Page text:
Liza Dalby touched on how misunderstandings so easily occurs when one language is translated into another. The iris, ayame in Japanese, is the plant and flower the Japanese think of when they think of the flower that once decorated the Heian era palaces. Actually the plant was Acoruscalamus, sweet flag or also known as blue flag.
This essay stopped me in my tracts. I began thinking about all the different ways miscommunication happens, inaccurate translations and limited listening to name just two. I began seeing how much miscommunication was happening in my life. This essay once again prompted me to do some research.
I also enjoyed reading how she wrote her first and last waka.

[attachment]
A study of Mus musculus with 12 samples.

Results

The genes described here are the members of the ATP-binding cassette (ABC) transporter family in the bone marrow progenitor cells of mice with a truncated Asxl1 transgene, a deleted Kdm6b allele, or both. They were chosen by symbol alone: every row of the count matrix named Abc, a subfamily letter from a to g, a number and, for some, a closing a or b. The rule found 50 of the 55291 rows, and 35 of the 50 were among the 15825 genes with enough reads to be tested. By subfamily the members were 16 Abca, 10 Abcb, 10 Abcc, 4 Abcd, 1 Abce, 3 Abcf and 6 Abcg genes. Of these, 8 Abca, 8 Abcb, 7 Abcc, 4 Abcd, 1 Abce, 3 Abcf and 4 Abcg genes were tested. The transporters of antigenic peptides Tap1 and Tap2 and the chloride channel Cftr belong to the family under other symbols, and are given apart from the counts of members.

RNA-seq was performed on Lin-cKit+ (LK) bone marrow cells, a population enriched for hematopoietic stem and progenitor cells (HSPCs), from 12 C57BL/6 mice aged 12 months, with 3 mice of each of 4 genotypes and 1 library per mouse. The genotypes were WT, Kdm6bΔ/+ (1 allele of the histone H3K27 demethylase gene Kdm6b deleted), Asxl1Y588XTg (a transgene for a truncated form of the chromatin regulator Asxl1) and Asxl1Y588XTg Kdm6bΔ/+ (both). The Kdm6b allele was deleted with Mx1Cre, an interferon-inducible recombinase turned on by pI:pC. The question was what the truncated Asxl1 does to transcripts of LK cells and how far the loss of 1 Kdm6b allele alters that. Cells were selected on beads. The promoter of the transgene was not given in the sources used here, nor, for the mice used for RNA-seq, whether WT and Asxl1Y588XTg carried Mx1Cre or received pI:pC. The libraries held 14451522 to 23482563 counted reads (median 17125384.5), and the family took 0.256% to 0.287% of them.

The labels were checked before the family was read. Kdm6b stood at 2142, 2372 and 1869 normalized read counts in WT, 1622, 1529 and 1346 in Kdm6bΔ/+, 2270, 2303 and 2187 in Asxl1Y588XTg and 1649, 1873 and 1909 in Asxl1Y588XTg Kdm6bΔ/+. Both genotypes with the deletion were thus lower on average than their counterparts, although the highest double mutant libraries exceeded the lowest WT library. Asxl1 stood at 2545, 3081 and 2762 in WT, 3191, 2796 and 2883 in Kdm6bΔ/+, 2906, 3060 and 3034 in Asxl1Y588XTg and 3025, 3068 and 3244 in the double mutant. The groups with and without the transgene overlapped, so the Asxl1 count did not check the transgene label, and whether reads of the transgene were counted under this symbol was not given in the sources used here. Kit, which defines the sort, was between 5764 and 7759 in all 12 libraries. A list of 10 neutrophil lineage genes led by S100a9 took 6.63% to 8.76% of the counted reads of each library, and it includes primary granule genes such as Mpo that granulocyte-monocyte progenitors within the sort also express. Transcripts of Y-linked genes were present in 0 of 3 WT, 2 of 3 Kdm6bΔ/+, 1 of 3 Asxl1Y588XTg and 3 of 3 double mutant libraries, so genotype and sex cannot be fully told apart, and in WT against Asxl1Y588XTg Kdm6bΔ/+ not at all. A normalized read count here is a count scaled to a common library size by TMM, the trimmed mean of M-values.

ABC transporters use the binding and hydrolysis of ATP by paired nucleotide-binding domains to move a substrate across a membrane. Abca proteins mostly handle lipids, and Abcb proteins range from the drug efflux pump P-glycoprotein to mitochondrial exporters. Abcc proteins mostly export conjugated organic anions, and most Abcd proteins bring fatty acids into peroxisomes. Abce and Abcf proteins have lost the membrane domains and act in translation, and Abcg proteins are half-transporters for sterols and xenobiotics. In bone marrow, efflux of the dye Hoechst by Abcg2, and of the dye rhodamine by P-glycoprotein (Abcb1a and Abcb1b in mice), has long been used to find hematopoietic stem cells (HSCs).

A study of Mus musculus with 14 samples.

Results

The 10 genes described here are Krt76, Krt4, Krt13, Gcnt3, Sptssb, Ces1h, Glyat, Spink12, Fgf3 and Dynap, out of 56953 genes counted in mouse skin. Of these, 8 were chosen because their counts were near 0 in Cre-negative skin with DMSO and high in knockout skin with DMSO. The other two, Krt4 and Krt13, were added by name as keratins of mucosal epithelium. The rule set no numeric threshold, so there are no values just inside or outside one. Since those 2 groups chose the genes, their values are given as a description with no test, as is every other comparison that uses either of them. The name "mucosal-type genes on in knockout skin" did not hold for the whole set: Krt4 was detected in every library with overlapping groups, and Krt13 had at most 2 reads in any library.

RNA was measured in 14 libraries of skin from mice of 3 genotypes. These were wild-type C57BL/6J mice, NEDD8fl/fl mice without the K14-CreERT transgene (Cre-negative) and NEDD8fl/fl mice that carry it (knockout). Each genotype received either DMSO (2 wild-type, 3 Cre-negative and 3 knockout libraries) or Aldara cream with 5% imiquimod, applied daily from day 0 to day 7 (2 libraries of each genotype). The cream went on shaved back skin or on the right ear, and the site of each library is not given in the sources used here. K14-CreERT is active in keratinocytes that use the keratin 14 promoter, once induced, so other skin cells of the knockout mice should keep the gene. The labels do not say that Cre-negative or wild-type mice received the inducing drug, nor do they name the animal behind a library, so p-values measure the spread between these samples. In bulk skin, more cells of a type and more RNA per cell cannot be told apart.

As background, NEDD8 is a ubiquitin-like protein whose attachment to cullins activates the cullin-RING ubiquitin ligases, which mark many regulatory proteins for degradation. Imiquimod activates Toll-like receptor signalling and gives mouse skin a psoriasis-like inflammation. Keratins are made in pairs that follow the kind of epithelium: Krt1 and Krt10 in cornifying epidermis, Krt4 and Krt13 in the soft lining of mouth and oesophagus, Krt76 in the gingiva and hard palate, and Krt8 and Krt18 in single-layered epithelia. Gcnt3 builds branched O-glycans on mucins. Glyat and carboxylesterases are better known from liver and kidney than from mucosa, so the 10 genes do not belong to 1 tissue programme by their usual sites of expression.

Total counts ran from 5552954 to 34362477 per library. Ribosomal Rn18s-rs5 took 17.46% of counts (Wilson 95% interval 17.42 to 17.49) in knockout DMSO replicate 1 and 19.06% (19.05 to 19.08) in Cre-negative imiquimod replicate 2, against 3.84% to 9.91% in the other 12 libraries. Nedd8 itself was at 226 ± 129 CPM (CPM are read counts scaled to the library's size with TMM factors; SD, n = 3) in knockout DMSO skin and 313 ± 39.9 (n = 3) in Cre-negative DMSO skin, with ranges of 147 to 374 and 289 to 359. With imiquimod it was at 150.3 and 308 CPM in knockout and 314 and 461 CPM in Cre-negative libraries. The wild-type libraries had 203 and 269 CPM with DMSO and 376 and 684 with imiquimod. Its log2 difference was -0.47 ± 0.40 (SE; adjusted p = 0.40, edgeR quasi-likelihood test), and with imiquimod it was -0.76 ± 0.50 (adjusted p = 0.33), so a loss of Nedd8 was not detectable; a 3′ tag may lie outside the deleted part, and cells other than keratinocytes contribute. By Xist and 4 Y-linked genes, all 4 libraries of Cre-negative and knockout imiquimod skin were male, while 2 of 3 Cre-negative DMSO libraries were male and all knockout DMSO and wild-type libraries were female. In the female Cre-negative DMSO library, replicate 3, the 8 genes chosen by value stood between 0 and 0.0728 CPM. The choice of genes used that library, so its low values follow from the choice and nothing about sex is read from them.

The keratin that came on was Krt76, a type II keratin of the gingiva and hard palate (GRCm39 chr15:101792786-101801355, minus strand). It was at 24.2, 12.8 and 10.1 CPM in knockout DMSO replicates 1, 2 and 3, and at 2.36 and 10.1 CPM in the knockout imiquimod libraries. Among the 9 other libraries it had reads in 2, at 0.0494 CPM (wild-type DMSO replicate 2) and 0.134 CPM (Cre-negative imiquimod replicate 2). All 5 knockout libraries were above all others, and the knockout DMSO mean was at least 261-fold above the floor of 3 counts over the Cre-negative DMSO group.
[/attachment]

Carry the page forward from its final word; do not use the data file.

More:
After all of our rains the worms are coming forth. I see them on the sidewalks when I walk.
After reading this essay I began singing the childhood rhyme, "When ever you see a hearse go by you will be the next to die. The worms go in the worms go out, the worms play pinochle up your snout". I live across from a cemetery. Hearses go by daily. This little verse transported me back to being six years old and playing jacks on the front porch. I easily can see how Liza Dalby also was transported and how the simple phrase "worms come forth" can lead one on a meandering path.
I was intrigued by this essay. I like birds and this one is exotic! I did a bit of research.
I enjoy learning about Dalby's geisha days too. I find every essay so interesting.
Some nights I am too tired to read. I am never too tired to imagine what my almanac will say. I find I am thinking about that as I fall asleep at night. How I will organize it; how I will name my days. I will write one. I want photos to part of it.